Yesterday afternoon, my 16-year-old daughter accompanied me to two local cemeteries so that we could honor the deceased of our families. I had planned to go on Saturday, which was a gorgeous warm day, but errands--including purchasing a new flag for the holiday and a bouquet of roses for the purpose of distributing them at the graves--took up most of my day. Sunday arrived with strong gales of wind, so strong I dared not put up my new flag for fear of bending the aluminum pole or snagging the banner on the gutters above. Thunderstorms were forecast for the late afternoon and evening, so I decided it was now or never.
The first cemetery we visited was Riverside Memorial Park, where a special little boy now rests in peace: Brandon Tyrone Chapman, a special-needs student I worked with for four years, who was like a second son to me. He is buried underneath some pines not far from the Spokane River. The cemetery was beautifully decorated, with hundreds of memorial flags fluttering along the roadsides and graves brightly trimmed with real and silk flowers, flags, and pinwheels. At the entrance, throngs of people milled, visiting Heritage Funeral Home, which normally has a historic display for the public every Memorial Day weekend. Last year, Ulysses S. Grant had been the focus; this year was Elvis, so I did not go in (I like his music, but I had hoped for a more "historical" figure). Classic cars were being shown in the parking lot, and I took a quick shot with my camera while my daughter picked up some free pizza from a nearby booth (yes, it's quite an event!).
We then crossed the road to Greenwood Memorial Terrace, where we noticed a large American flag was posted near the monument of Chief Spokane Garry. We drove up to the first terrace where a large Midkiff monument marks the lot where George Henry, his wife Arzella (Glasgow), and their son Samuel C. Midkiff are buried. I've done a little research on this family, and can trace George back to Kentucky, but how he may be related to my husband is still a mystery. There are no descendants; their only son Samuel died in 1918, so our family has "adopted" the graves to clean and decorate them on Memorial Day. My daughter remarked that Samuel was only 16 when he died (her own age), and I told her he had probably died in the Influenza Epidemic.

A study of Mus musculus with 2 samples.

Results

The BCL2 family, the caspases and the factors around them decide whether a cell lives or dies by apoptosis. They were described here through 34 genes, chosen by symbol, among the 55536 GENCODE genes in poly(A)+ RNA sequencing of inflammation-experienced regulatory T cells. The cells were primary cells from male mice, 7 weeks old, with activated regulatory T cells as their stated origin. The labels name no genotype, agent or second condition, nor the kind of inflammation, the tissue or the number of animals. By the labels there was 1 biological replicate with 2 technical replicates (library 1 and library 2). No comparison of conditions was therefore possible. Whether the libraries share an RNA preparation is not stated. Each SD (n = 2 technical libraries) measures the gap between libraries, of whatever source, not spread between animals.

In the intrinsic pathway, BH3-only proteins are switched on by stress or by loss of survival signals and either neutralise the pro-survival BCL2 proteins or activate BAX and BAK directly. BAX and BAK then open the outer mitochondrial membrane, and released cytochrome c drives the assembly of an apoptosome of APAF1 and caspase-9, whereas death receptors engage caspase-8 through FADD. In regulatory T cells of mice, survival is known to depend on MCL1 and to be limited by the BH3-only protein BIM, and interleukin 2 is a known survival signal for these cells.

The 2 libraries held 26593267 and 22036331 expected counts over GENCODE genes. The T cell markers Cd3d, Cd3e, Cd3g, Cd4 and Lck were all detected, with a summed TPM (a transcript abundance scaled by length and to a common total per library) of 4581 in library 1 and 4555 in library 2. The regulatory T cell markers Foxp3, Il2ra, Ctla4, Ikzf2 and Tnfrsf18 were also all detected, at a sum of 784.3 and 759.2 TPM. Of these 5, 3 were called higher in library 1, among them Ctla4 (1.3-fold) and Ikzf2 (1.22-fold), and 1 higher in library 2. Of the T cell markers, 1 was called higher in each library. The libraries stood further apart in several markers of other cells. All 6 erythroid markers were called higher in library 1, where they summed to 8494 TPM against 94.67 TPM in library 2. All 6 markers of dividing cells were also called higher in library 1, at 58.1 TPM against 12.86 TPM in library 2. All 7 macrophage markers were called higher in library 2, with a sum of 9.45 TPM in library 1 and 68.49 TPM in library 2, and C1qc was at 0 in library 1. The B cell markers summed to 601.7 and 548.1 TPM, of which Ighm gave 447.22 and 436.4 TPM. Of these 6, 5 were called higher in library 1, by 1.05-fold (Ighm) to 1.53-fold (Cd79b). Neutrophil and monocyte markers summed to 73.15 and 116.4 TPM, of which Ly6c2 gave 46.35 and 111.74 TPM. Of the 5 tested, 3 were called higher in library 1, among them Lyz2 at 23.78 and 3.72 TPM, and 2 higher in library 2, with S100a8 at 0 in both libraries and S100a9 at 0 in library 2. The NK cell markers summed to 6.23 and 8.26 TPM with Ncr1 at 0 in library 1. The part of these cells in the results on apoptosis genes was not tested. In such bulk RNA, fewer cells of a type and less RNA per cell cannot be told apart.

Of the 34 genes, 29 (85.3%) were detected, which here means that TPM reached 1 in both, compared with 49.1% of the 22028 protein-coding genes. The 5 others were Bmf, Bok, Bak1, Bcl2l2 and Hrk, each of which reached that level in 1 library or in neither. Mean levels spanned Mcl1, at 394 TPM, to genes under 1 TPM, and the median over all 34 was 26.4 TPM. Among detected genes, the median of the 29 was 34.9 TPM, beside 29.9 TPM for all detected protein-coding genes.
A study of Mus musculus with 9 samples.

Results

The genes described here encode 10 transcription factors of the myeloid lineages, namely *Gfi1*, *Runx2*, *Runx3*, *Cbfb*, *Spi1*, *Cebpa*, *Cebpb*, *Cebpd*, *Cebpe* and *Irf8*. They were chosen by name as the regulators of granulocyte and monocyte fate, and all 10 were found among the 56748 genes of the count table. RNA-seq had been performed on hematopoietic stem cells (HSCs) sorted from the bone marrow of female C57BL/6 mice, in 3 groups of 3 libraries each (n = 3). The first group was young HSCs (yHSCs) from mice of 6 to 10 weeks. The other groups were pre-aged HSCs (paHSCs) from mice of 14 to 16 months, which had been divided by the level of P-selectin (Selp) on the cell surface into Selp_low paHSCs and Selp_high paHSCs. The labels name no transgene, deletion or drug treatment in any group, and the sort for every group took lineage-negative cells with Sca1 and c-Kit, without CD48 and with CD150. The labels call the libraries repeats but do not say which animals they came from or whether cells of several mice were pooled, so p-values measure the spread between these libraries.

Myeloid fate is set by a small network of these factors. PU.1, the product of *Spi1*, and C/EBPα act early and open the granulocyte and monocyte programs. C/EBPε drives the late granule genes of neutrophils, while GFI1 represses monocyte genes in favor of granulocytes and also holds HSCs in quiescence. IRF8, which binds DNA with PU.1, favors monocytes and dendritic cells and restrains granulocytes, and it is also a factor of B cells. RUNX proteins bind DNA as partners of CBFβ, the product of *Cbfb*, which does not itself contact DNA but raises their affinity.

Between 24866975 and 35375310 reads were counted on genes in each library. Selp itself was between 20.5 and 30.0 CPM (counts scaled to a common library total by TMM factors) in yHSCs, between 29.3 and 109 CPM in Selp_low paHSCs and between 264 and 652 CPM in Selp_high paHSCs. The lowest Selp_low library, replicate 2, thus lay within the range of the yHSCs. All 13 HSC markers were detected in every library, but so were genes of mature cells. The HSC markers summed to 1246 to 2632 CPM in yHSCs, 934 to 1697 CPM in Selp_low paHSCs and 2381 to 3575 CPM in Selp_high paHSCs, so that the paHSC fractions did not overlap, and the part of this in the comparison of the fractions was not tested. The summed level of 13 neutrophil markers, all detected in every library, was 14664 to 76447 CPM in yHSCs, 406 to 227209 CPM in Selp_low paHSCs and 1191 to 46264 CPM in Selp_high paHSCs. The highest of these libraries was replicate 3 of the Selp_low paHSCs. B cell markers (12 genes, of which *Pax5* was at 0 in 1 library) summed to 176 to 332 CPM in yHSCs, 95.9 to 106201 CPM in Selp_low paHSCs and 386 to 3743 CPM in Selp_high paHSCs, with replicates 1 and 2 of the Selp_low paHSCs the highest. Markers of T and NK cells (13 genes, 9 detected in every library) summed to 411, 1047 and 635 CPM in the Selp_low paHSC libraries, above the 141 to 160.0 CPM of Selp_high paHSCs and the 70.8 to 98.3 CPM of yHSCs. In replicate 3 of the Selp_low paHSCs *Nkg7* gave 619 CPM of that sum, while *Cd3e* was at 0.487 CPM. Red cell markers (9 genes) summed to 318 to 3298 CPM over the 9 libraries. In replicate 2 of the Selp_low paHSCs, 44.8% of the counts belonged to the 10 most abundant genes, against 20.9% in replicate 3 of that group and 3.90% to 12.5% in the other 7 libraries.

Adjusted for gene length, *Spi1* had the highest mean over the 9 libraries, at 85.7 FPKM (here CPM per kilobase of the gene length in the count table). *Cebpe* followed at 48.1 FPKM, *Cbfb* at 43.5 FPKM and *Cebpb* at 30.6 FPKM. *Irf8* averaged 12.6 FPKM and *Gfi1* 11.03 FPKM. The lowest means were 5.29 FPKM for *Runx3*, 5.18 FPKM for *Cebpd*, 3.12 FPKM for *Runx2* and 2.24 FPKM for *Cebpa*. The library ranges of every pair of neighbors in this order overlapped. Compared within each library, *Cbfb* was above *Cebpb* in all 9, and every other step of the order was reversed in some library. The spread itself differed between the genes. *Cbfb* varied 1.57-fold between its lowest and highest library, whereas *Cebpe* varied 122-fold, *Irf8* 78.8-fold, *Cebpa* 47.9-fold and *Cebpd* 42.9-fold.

We then went up to the top terrace, where two of my cousins, Christopher Wrex Pierson Zaagsma and Caren Jeanne "Carrie" Pierson Zaagsma, are buried in the Inspiration block. We stayed for a while at their graves, while I told my daughter the stories of my cousins, what their personalities were like, memories of special times together, and how they had died. Then we went over to nearby Honor Lawn, where some distant Midkiff cousins are buried. I shared memories with Missy about Betty Lou(Midkiff) Bryant, a petite woman who had researched the Midkiff family in the area and had contacted us about 18 years ago to try to fit us into the family tree (she was my father-in-law's second cousin). Together, she and I organized the first local Midkiff Family Reunion in 1990. Betty's husband, George Wesley Bryant, is buried next to her; a salty-tongued WW2 veteran, he had worked on the Grand Coulee Dam as an ironworker. On the other side of Betty rests her brother, George Vernon Midkiff, a Navy veteran whose life was cut tragically short by an automobile accident.
When we were done with the graves of family and friends, we returned to the first level, where the graves of many Civil War veterans are situated around the Grand Army of the Republic monument. We chose graves that had no flowers or flags (and sadly, there were many) on which to lay the last of our roses. I took photographs to upload to Find A Grave. There was a nest in a pine above us and a baby bird fell out, fluttering around. My daughter was very worried, but I assured her the bird's mother would return as soon as we left, and that the good thing was there didn't appear to be any predators in the area.
We returned home tired from our outing in the wind, but satisfied in having enjoyed our time together, knowing our loved ones had been honored.